FALMOUTH — Superintendent of Schools Barbara Powers announced Monday that she will recommend the appointment of Gregg Palmer to replace Allyn Hutton as high school principal.
Hutton is leaving at the end of the school year to become superintendent of the Kittery school district.
“Two of the School Board members were on the search committee,” Powers said. “I’m sure we’ll have their support.”
The Principal Search Committee, made up of the two school board members, teachers, administrative staff, students and parents, reviewed 19 applications and met with five candidates for the position.
After an all-day session with Palmer last week, the committee voted unanimously to recommend him for the position. He accepted the district’s offer Monday morning.
“I am excited. Falmouth is a great school,” said Palmer, who is currently the middle and high school principal for the Searsport school district.
Palmer’s contract, including salary and benefits, have not yet been confirmed. A salary range of $95,000 to $99,500 was posted with the position announcement in February.
Palmer has been in Searsport for eight years, and has worked with the staff there to implement standards-based learning to increase test scores. Since the initiation of several intervention programs that aim to catch struggling students before they begin failing, Searsport has seen SAT scores improve by 20 percent.
“Less than 2 percent of our kids repeat a course,” Palmer said. “It used to be 12 to 14 percent.”
Although Searsport High School has only 230 students, Palmer has also worked in larger districts. He taught for several years in Brewer, which has a larger school system than Falmouth. He also has served on the New England Association of Schools and Colleges, which is the accreditation agency for more than 2,000 schools in New England.
Palmer was introduced to Falmouth last year when he came with the accreditation team that evaluated the high school. The accreditation report, which is posted on the school’s Web site, commended the school for a recent decision to “collapse upward” and remove the lowest academic level classes, but criticized teachers’ access to collaboration opportunities across disciplines.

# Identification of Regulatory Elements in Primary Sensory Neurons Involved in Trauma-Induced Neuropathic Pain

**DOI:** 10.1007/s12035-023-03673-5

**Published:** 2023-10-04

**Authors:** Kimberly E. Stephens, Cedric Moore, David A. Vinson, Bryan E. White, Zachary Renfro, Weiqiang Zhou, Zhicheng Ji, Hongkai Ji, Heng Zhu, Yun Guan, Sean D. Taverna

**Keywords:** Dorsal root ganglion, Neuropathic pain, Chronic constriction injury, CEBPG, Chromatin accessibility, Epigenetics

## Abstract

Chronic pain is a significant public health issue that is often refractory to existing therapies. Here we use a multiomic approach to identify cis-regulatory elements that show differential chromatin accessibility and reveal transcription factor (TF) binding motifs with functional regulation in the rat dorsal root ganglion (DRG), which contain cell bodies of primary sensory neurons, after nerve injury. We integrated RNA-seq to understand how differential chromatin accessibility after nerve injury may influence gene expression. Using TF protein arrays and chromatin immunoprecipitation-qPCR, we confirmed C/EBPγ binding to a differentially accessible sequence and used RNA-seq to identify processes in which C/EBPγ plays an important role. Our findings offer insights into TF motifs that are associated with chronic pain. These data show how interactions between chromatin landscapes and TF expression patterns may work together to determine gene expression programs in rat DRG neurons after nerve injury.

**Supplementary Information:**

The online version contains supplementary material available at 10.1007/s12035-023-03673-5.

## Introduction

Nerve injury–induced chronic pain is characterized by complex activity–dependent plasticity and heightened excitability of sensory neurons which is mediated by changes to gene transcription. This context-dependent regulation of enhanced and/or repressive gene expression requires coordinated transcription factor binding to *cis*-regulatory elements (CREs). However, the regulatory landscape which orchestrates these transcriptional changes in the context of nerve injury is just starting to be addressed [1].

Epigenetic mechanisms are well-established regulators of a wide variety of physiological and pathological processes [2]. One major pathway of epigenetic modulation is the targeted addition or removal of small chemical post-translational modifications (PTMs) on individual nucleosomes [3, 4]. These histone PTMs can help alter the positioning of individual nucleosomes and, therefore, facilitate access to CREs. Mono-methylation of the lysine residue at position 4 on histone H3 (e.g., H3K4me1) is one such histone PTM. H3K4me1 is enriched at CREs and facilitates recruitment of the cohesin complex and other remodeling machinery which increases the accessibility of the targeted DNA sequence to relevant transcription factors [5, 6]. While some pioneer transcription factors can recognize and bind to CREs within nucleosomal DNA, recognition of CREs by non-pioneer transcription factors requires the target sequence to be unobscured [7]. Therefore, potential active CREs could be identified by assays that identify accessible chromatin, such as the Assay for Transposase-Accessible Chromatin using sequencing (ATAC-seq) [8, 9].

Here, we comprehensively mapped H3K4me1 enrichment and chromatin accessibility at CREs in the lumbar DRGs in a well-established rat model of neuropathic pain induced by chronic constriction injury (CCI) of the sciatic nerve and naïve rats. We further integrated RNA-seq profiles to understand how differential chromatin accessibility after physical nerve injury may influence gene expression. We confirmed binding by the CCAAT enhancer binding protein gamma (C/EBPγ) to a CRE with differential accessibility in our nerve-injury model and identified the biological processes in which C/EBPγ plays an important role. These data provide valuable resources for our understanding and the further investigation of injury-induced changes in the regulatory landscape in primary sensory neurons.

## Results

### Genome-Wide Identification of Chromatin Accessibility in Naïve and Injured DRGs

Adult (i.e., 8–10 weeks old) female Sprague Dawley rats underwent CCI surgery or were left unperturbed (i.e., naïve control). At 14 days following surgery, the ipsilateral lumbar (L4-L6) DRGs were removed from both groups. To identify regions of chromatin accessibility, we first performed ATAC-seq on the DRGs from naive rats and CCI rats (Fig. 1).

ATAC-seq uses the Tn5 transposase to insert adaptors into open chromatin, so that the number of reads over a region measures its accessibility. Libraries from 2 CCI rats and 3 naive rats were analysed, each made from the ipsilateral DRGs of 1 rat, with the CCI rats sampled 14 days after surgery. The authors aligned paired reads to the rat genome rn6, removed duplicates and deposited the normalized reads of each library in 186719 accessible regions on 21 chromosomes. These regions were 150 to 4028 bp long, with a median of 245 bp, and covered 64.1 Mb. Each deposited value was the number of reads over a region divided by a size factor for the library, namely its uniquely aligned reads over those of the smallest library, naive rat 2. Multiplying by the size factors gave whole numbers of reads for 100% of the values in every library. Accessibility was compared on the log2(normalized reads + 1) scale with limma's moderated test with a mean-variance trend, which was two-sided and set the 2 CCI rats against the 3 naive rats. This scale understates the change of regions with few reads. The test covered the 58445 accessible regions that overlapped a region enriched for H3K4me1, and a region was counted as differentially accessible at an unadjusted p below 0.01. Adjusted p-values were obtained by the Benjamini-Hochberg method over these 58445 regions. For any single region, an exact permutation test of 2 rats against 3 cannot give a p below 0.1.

While Palmer had to take a critical eye to the school then, he said he will take some time to get to know the district before recommending any changes after he is on the job.
“I think anyone would be foolish to come rolling into town and say ‘here’s my list of things to get done,'” he said.
Powers said she was very happy with the outcome of the principal selection process.
“Falmouth High School has really grown under Allyn Hutton,” she said. “Now the high school is ready for its next leader.”
While the district has made some difficult choices to balance the budget over the past few years, some are predicting next year will be even more challenging, as stimulus money disappears as a source of revenue. Palmer, however, is more optimistic.
“Some are talking about next year as a cliff year. I’m not sure that’s what will happen,” he said. “I think the Obama administration may help with that.”
He said that regardless of what happens, his main goal would be to make sure cuts do not limit student experiences.
“You have to try to maintain balance and trim the budget in a way that you don’t lose programs,” he said.
Palmer said he, his wife and 9-year-old son will begin looking for a house in the area very soon. He said he believes it is important to live in the same town where he works.
The School Board will vote on Palmer’s appointment at its meeting on April 28. The contract will be discussed, along with all of the other administrative contracts, at an executive session likely to be scheduled in May.
Emily Parkhurst can be reached at 781-3661 ext. 125 or email@example.com.